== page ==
Friday, March 24, 2006

Get ready for March madness

No better issue demonstrates the growing divide between President Bush and his erstwhile congressional Republican allies than immigration. Barring some unforeseen event, the fireworks will ignite next week, in the U.S. Senate.
This one has been building for a long time. Bush is actually to the left of his base on immigration; essentially, he wants a guest worker program that would allow the 11 million illegals to ease their way to legal status; the conservatives want those folks to go home and to prevent others from coming in. What's most striking - and I heard a lot of anger at a recent conservative conference in Washington - is the contention by so many conservatives that Bush, by refusing to stress border enforcement, has turned out to be soft on national security.
It's an issue destined to divide the GOP, because the business faction wants the guest workers (cheap labor) while the ideologically conservative faction views the illegals as a threat to the nation's cultural identity. Bush has straddled the factions for years, mostly with success. Those days appear to be over. He doesn't control the debate on this issue anymore, and that may well enhance his increasingly lame-duck status (which he inadventently confirmed the other day, when he said that the ultimate decisions about U.S. troop withdrawal from Iraq will be made not by him, but by future presidents).
Speaking of being a lame duck, the '08 presidential race also needs to be factored into the immigration debate. Take Bill Frist, for example. The majority leader never inveiged about faulty border security back when his first priority was carrying Bush's water in the Senate. But now he's pushing something called the Securing America's Borders Act. Now that he needs to woo the conservatives who vote heavily in early Republican primaries, the good doctor is proverbially donning sunglasses, chambering a piece, and walking the border with the Minutemen.
The tone of this debate could also get nasty quickly. Yesterday, Bush had this to say about the impending immigration debate: "When we conduct this debate, it must be done in a civil way. It must be done in a way that doesn't pit one group of people against another."
This is the same president who said that the Republicans who opposed his Dubai ports deal were anti-Arab; who said (through his emissaries) that the Republicans who opposed high court nominee Harriet Miers were sexists; who said that the Minutemen - described by the conservative Washington Times as "good American citizens worried about the breaking of immigration law" - were, in fact, "vigilantes."
In other words, there's already bad blood between the White House and its allies on the Hill. Note this remark yesterday by Arizona GOP congressman J. D. Hayworth: "If I had any advice for my friends at the White House, I think it would be to really reconsider posturing every disagreement as some sort of new political (or) psychological malady."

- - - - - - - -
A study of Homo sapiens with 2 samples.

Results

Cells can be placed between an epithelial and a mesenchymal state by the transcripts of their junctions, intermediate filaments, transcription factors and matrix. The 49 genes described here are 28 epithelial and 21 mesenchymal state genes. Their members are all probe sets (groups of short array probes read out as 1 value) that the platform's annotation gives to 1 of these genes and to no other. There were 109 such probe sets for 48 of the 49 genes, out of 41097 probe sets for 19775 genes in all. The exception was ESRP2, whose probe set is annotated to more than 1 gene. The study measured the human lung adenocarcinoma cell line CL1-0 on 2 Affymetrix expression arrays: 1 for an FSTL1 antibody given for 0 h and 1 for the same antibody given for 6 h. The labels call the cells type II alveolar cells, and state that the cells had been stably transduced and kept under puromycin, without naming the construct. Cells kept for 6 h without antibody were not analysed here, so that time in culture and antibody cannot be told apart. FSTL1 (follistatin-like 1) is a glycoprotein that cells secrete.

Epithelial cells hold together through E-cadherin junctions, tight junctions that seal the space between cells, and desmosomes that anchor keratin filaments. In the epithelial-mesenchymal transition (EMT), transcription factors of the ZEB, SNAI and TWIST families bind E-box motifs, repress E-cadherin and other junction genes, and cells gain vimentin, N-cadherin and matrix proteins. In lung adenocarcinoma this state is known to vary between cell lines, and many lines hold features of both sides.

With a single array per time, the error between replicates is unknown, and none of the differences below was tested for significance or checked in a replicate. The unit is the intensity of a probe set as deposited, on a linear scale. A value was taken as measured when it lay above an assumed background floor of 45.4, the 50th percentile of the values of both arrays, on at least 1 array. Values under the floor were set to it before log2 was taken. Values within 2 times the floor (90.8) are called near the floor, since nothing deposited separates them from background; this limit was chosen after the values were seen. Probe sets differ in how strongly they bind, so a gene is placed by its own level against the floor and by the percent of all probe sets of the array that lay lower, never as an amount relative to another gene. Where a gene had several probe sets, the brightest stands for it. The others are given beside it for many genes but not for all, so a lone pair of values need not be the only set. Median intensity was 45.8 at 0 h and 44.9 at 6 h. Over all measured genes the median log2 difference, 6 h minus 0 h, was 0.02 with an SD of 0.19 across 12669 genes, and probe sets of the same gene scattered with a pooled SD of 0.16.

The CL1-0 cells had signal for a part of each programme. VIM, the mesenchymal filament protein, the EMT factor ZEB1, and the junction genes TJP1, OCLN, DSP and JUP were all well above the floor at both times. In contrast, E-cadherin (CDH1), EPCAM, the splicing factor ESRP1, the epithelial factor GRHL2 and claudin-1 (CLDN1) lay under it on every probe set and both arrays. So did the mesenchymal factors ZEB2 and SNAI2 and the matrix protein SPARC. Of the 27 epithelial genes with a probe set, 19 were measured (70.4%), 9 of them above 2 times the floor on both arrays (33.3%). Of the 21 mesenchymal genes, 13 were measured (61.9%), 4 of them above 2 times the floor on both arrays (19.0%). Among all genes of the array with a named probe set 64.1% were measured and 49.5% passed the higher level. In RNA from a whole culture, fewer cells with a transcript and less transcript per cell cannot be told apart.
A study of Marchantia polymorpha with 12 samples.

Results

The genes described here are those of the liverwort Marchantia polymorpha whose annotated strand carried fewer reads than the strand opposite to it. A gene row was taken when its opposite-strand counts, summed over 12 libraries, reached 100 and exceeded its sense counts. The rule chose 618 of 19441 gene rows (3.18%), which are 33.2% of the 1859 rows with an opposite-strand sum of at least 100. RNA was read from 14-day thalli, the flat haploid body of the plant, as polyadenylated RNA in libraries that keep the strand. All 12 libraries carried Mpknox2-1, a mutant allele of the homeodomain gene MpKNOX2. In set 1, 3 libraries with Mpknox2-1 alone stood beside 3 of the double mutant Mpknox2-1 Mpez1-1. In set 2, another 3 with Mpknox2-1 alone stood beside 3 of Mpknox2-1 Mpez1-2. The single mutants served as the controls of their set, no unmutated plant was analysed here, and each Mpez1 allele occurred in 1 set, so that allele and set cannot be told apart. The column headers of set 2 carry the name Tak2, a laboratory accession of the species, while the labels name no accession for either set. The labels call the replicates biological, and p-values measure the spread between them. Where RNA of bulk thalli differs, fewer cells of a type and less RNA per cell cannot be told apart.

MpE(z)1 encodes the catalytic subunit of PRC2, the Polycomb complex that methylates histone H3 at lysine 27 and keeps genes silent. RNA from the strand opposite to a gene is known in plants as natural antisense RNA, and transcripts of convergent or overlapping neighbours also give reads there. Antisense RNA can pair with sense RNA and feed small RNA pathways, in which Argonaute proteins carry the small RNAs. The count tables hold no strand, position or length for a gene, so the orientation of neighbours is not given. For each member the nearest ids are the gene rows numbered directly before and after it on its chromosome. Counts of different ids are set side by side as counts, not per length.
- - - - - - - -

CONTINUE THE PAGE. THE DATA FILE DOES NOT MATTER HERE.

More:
(Regarding that remark, many Bush skeptics would say: Hey, J. D. , join the club. As I noted the other night on a cable TV panel show, Bush's defenders always seek to dismiss substantive criticism as "anti-Bush hysteria," as a psychological malady, rather than accept it for what it really is: The attempt by thinking Americans to hold this president accountable for his performance, using factual evidence. As they would any president.)
I plan to track the political aspects of the immigration debate next week, either here or in print.

I remember, back in my youth, editing a story about the travel foibles of rock bands, including the no-brown-M&Ms edict, all of which was later satirized in the film Spinal Tap, when Nigel Tufnel freaked out about the olives and sandwich bread.
Now we have Dick Cheney, with his edicts about decaf Sprite and entering a room only when all the lights have been turned on.
The liberal blogosphere is chuckling today about the revelation that when the vice president travels, he requires that all TVs in his hotel suite be pre-tuned to Fox News. Not to be a contrarian, but is that so surprising? No doubt he would want all the comforts of home, which presumably would include the ingestion of the friendliest news with a minimum of effort. No, the real surprise is that he also requires that The New York Times be waiting for him. Maybe it's just a way to keep up with what the perceived enemy is saying, or a way to find fresh fodder for his next friendly banquet audience, or a way to check on who on his staff might be leaking, but at least it's a sign that (unlike his boss) he is willing to read articles without them first being filtered by his aides.
Anyway, it's not as bemusing as the Jennifer Lopez travel document, which requires that hotel bed sheets be made of Egyptian cotton with a minimum thread count of 250.